There are a number of things that can happen to paint if it has not been applied to the surface correctly. Here we discuss the many painting problems you may come across while decorating.

What painting problems can I face?

One of the main causes of painting problems is that you have not used the right paint on the chosen surface. You may also witness the paint bubbling, alligatoring, efflorescence and mildew build up. Each of these issues can be down to a number of factors, all of which can be prevented and solved if you do find yourself in a painting problem.

Blistering

Blistering occurs when there is a loss of adhesion which causes the paint to lift from the underlying surface. Blistering happens if the paint is applied in the incorrect weather conditions for example if you have applied the paint in direct sunlight on a surface that is too warm the paint is unable to dry. If the surface is damp or wet this can also affect how well the paint adheres to the surface; the paint will often trap in moisture which then tries to release. It can also occur when the surface has not been sufficiently prepared if there is dirt or grime still on the surface the paint is less likely to stick to the surface. If you would like more information on how and why paint blisters we recommend taking a read of House Painting Guide’s article on Why Paint Blisters, and What to Do About It.

If you can push the blister down to the surface than the likelihood is its moisture affecting the paint. To get rid of the moisture you will first need to remove all of the paint, you will then need to use fans, or if it is interior paint, you can open all the windows. Different materials will hold more moisture than others but be sure the surface is thoroughly dry before reapplying another coat of paint. We also recommend if you are going to be painting the exterior of a building you need to check the weather conditions. There are paints out there that do work with damp surfaces so make sure to do your research beforehand.

bubbling paint

Alligatoring

Alligatoring is where the paint cracks and resembles the scales of an alligator. This is normally caused by the application of a top coat before the layers underneath have fully dried. If you have used paints containing oil then over time the paint naturally ages, with the addition of temperature fluctuation, the oils dry out causing the paint to crack. If you apply a harder coating such as an enamel over a softer more flexible coating.

To resolve this, you can remove all the paint by scraping and sanding down the surface. You will also need to make sure you are using a high-quality primer before you carry out on site spraying services. If you are a using a contractor, they will be able to ensure that the surface has been sufficiently prepared before the primer and first coat is applied.

Mildew

Mildew is where black, brown or even green spots appear on the surface of the paint. Mildew occurs when the surface is damp or within a high humidity area which receives minimal sunlight or ventilation. You will need to remove the top layer by scrubbing away at the surface; you will then want this to dry thoroughly. Repainting is not always necessary; however, if it has stained the paint, then you may want to apply a new coat. Alternatively, to increase the lifespan of your exterior cladding panels or curtain wall systems you can ask a contractor to apply a protective coat which will make it less likely for mildew to appear.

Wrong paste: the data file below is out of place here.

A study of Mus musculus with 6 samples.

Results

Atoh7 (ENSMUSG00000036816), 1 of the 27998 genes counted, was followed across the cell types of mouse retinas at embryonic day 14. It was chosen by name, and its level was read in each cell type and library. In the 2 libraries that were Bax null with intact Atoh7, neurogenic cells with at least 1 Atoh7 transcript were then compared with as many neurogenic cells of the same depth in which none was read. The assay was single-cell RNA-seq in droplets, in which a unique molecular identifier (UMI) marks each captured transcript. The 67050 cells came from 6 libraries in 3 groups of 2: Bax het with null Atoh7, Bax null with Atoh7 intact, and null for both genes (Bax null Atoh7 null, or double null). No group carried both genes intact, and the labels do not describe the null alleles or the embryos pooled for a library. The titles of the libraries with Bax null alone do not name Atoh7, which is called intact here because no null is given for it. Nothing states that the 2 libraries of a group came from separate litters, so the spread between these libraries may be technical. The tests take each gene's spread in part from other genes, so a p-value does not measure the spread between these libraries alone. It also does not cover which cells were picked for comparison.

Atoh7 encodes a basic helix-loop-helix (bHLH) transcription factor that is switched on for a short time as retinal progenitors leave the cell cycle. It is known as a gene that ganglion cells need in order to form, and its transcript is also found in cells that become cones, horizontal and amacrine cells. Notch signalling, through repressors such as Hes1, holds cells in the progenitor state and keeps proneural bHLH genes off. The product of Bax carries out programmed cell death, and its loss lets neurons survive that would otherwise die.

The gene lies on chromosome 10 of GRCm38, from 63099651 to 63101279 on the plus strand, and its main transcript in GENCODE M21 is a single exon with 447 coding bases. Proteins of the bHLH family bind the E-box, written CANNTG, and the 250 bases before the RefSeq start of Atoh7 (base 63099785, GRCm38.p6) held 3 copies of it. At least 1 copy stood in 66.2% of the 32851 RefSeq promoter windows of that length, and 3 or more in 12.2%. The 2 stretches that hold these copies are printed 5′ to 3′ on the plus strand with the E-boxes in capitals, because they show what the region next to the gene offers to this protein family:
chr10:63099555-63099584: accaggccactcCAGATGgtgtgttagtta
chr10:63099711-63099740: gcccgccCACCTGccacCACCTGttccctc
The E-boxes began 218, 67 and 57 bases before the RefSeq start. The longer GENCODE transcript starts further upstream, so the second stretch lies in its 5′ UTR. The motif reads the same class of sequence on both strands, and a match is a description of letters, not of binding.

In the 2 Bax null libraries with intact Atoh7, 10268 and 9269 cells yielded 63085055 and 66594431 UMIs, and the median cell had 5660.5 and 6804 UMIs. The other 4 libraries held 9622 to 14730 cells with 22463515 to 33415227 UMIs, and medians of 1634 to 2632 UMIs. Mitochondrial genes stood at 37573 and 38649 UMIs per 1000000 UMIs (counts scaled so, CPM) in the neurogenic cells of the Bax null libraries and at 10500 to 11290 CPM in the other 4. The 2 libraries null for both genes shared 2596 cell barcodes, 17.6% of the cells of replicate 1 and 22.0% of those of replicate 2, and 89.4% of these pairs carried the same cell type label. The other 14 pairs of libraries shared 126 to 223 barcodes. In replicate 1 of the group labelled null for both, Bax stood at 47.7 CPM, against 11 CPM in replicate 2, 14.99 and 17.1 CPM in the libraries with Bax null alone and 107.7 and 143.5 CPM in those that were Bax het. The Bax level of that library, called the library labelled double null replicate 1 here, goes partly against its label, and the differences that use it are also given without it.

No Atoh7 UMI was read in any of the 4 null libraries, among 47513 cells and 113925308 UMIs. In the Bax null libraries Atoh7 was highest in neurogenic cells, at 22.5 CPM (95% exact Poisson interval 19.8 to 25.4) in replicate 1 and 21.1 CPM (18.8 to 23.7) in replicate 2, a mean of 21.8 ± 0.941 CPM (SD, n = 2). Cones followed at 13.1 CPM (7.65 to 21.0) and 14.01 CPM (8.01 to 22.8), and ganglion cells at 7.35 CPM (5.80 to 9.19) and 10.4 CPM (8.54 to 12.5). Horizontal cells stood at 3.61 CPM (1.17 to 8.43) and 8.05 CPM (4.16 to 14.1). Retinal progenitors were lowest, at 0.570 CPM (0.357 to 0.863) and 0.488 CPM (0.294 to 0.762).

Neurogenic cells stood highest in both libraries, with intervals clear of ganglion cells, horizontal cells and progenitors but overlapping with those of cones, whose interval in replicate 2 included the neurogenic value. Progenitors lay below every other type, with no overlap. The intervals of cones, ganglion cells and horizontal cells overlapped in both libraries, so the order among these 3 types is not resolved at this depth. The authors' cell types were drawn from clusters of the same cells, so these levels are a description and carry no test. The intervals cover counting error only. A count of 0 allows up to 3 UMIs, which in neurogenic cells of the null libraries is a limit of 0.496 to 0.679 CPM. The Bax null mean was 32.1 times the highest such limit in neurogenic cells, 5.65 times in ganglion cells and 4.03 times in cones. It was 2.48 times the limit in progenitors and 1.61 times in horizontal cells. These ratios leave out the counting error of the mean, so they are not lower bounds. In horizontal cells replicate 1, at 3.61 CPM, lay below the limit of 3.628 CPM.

Mildew

Rusting

Rust is normally red or brown stains on a surface which is normally an iron-based substance. If you are painting at home or a commercial property you may experience rusting from excessive exposure to the ever-changing weather or in some cases non-galvanised materials are used.

There are a number of different coats you can apply to a rusting material. Make sure that whatever it is you are painting is safe and will not cause a hazard. Some people paint over rust believing it will increase the lifespan of their cladding or metal. However, it was already too damaged.

Blue Paint Crack

Cracking

Cracking is a little bit like alligatoring, however, is more commonly known as a hairline crack. You often get them in older properties where the paint on the walls is old. Cracking normally occurs when a low-quality paint has been used, or a paint has been spread too thin across the surface. Much like any of the issues we have discussed a crack can happen when the surface has not been sufficiently prepared. If you are painting in windy conditions, it may also cause the top layer of paint to dry too quickly.

Remove the loose paint and ensure you have sanded the area down as much as possible, you will want to make the surface as smooth as possible. Make sure you use the correct primer for the type of material you are painting, this is an essential step as it will allow the paint to adhere as much as possible. Apply even coats of paint and let each coat to thoroughly dry before applying another. If you would like to know some of the best ways to prepare metal for painting why not take a read of the 5 important steps preparing metal for painting

yellow paint crack

How to deal with painting problems

If you are in a situation where the paint is bubbling, blistering, cracking or alligatoring your key to success is by stripping the paint back and starting from the beginning. Make sure that all of the existing paint has been removed as well as any dirt and grime. Sand the surface to ensure there is a smooth and even surface. When it comes to painting, you will want to make sure you have the right primer for the material you are painting; this will allow the paint to adhere successfully.

When it comes to applying the paint, you will want to apply a sufficient amount. Allow each coat to dry thoroughly before applying another if you try to apply a new coat too soon you are likely to witness one of the painting problems discussed.